Sixty-one-year-old Trevor Modeste of Tacoma earned his U.S. citizenship on July 31st, 2017 after not one, but two organizations told him it wouldn’t be possible.
Modeste spent fifty years as a Permanent Resident after immigrating to the United States from Trinidad in 1967 with his parents.
“It’s the longest time I’ve seen someone be a permanent resident before getting their citizenship,” says Jesus Pinedo. Pinedo is a Department of Justice (DOJ) Accredited Immigration Specialist at Tacoma Community House, and Modeste’s case manager.
Several factors played into Modeste’s hesitancy to apply for adjusted status, starting with fears he developed as a child.
Winning the Lottery
Modeste’s family earned U.S. visas through a lottery system run by the U.S. Embassy in Trinidad. He remembers his parents telling him to grab all the personal items he could carry, then entering a room with other families all waiting anxiously to see if someone would call their name.
His family was chosen. They had to leave immediately.
With visas in hand, Modeste and his parents were able to apply for permanent residency. However, he feared that if he ever returned to Trinidad someone would take his visa and give it to someone else.
Modeste lived with that fear for fifty years.
“Age and disability should not be a factor”
At 61, Modeste lives with illnesses that make it difficult to move, speak, and retain information. Prior to visiting TCH, two organizations told Modeste that he should not pursue citizenship. They said it would be too difficult for him to pass the civics test. The test includes a written and oral section and 100 test questions to study.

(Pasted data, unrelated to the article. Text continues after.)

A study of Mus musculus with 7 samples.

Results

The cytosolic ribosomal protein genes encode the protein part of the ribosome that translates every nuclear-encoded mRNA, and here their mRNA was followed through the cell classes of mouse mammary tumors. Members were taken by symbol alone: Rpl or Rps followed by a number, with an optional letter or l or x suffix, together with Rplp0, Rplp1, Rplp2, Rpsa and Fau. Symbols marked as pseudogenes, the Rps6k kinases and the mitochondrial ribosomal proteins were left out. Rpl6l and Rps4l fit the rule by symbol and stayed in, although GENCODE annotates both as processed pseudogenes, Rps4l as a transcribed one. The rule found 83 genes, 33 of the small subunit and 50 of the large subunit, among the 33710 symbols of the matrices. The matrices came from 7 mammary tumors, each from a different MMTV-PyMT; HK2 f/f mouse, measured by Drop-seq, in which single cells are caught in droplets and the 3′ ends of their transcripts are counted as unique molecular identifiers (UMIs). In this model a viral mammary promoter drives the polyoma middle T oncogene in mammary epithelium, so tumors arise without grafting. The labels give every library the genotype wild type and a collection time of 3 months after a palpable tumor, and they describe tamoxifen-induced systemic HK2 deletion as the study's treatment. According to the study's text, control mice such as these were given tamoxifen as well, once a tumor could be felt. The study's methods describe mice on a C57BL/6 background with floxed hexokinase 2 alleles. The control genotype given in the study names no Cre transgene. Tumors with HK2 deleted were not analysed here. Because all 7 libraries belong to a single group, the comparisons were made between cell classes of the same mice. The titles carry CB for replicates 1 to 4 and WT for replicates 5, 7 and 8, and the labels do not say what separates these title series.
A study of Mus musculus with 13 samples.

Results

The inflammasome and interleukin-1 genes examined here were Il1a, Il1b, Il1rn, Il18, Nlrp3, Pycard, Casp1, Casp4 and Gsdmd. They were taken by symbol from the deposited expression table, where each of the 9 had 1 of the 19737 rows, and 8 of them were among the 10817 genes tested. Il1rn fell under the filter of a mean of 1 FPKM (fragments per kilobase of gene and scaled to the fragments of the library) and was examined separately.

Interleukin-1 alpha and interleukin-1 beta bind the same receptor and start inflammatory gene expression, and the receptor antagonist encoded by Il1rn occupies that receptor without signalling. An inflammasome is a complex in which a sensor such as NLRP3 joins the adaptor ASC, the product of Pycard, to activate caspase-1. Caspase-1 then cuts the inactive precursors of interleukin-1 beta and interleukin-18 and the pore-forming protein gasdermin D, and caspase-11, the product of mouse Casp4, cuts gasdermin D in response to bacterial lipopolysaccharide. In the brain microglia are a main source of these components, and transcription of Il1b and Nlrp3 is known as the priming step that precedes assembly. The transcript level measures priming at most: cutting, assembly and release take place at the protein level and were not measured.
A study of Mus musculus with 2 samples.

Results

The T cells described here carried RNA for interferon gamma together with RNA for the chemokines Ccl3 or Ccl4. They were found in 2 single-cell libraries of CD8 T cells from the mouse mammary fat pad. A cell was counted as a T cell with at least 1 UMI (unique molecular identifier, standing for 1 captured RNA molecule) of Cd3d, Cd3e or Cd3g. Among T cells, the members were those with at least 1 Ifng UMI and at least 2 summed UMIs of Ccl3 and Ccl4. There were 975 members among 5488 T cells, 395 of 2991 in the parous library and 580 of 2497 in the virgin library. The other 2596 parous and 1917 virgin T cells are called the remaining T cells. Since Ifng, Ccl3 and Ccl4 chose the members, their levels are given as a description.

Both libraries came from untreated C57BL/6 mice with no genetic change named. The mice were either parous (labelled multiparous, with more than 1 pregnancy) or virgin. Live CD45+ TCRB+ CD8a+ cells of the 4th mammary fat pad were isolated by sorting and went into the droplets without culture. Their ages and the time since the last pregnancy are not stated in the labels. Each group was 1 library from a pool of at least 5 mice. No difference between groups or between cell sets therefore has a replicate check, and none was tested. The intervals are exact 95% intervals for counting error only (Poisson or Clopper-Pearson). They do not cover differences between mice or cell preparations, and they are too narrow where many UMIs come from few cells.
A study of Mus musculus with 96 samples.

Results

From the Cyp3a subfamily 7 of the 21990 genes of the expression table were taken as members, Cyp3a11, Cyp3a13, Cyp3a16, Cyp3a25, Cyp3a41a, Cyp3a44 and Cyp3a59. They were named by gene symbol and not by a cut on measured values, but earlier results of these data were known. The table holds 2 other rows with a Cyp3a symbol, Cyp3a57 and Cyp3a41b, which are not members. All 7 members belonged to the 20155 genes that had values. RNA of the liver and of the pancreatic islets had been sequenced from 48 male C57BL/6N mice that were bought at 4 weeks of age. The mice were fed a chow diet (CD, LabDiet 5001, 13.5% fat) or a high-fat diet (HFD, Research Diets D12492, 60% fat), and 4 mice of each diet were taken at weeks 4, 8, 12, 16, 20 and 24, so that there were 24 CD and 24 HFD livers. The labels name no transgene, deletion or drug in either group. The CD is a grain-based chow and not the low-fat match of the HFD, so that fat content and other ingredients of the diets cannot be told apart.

“Age and disability should not be a factor in whether you can get citizenship,” Pinedo says.
Pinedo encouraged Modeste to tackle the study questions in manageable chunks of 10. Modeste would call Pinedo and recite his answers over the phone, proving that he studied.
“I told him, ‘you better not be looking at those flash cards!’” Pinedo recalls, laughing.
Modeste has a feisty personality and penchant for jokes. He delivered the news of his citizenship by leaving a prank voice-mail on Pinedo’s answering machine.
“I actually asked another client to step out [after I heard the message],” Pinedo says. “I thought something bad had happened. [Modeste’s] message said ‘I wish it were April Fool’s Day, but something terrible has really happened.’”
Not terrible: just a puckish 61-year-old man overjoyed that he would finally be recognized as a citizen by the country he’s called home for five decades.
Modeste is now determined to use his citizenship to the fullest. He is able to recite the number of days until the next presidential election when he can exercise his right to vote.
“That’s the fire I see in my clients,” Pinedo says.